Argentina captain Lionel Messi ended the World Cup final with a golden trophy in his hands, but it was not the one he wanted.
Moments after the final whistle at the Maracana stadium and with Germany's jubilant players still cavorting on the pitch, Messi was called up to receive the Golden Ball award for the tournament's best player.
He flashed a perfunctory smile, but it was with the knowledge that Argentina's defeat had prevented him from cementing his place in the pantheon of the truly great.
"The truth is it doesn't interest me at this moment," he admitted later.
While the 27-year-old has won everything there is to win -- and broken every record o break -- with Barcelona, the World Cup final offered him the opportunity to definitively seal his legacy in the sport.
Pele, Zinedine Zidane and Ronaldo all scored decisive goals in World Cup finals, while Diego Maradona created the goal that settled the 1986 tournament. But Messi found himself upstaged by Mario Goetze's sensational extra-time winner for Germany.
He will be haunted in particular by a glaring opportunity early in the second half, when with only Germany goalkeeper Manuel Neuer to beat, he whipped his shot wide.
It was to be his only clear sight of goal, and his failure to seize the chance continued a narrative that had taken root earlier in the knockout phase.
Whereas Maradona seemed to grow with each match as Argentina surged to the title in 1986, scoring braces against England and Belgium in the quarter-finals and semi-finals, Messi appeared to shrink.
After dazzling in the group phase with four goals, he made the winning goal for Angel di Maria against Switzerland in the last 16, but in his own encounter with Belgium he flickered only sporadically, and in the semi-final against the Netherlands he was anonymous.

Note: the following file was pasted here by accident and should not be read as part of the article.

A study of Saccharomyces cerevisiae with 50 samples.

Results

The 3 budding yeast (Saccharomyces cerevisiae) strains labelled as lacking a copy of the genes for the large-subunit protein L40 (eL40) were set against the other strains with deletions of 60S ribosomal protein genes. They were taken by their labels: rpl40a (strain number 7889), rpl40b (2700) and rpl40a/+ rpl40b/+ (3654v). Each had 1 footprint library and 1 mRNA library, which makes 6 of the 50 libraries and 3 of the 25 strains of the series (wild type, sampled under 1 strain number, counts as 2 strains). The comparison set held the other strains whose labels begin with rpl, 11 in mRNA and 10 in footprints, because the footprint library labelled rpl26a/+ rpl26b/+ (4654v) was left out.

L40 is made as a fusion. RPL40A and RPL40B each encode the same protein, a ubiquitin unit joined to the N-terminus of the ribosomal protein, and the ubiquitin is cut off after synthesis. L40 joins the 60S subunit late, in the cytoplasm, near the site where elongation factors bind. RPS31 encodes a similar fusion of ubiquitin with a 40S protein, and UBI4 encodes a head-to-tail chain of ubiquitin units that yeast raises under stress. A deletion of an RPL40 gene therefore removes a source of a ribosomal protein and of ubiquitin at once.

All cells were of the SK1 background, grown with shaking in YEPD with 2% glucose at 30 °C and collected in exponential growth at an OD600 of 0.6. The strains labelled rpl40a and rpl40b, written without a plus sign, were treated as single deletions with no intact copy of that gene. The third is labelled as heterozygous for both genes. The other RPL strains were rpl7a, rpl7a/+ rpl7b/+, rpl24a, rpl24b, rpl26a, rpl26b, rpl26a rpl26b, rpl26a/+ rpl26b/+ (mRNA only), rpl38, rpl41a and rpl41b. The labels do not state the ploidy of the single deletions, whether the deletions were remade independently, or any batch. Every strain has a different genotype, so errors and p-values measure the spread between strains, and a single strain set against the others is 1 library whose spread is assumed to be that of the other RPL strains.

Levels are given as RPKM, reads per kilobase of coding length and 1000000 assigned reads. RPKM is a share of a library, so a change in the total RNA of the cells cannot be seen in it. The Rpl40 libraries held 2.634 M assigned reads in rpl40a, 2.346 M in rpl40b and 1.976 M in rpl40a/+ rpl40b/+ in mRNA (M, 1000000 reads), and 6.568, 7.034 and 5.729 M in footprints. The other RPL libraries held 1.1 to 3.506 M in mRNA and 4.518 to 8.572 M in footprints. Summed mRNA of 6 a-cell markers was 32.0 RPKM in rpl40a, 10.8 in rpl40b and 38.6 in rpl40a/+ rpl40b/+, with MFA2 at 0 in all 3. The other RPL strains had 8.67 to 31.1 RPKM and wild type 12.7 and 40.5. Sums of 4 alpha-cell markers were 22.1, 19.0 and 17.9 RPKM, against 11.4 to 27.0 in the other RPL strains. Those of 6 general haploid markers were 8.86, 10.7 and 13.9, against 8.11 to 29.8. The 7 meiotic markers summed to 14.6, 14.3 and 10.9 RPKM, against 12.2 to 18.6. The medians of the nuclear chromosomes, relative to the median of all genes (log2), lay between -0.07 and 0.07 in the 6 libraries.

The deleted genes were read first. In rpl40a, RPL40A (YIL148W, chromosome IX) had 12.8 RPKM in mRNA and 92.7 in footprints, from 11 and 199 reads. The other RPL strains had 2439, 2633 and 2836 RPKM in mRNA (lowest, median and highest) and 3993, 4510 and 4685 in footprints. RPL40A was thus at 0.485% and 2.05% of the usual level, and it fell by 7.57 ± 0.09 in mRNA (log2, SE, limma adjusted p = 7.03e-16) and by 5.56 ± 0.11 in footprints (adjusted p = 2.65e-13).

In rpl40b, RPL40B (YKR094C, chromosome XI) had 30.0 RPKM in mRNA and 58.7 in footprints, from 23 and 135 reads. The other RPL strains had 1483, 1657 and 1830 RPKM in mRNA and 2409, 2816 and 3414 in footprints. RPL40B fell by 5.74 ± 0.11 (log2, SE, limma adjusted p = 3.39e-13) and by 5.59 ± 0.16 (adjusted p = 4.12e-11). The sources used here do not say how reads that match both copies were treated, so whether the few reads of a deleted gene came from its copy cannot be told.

Messi has now gone four games without scoring for the first time under the stewardship of coach Alejandro Sabella, misplacing his gift for making a difference at precisely the wrong time.
- 'Biggest thing there is' -
His failure to take chances in the final suggested that the fatigue of which his father spoke recently may have weighed more heavily upon him than he has yet admitted.
"It is a very demanding tournament and it drains everyone physically," admitted Sabella. "He is already among the greatest of all time."
With 354 goals in 425 games for Barcelona, many of them works of art, Messi's greatness cannot be denied, but as he himself has admitted, there is no substitute for a World Cup winner's medal.
"I would give all my personal records to be world champion," he had told German tabloid Bild ahead of the final.
"I'd prefer to win the World Cup than the Ballon d'Or. As a player, winning the World Cup is the biggest thing there is. It's something you dream of as a youngster and that dream never fades away."
Whereas Netherlands successfully man-marked Messi during the semi-final, Germany opted to crowd him out.
Bastian Schweinsteiger, his scourge during Germany's 4-0 quarter-final win in 2010, was a constant irritant, and on the two occasions when Messi managed to burst free in the first half, he could not pick out a team-mate.
The moment thousands of Argentines in the Maracana had been waiting for arrived a minute into the second half when Messi was released by Lucas Biglia, but he overcooked his shot, rattling it wide of the right-hand past.
An injury-time free-kick from 30 yards offered one last improbable chance, but he hooked it over the bar.
Where Maradona broke down in tears after Argentina lost to West Germany in the 1990 final, Messi looked merely numb. He will be 31 by the next World Cup and may never get a better chance to win it.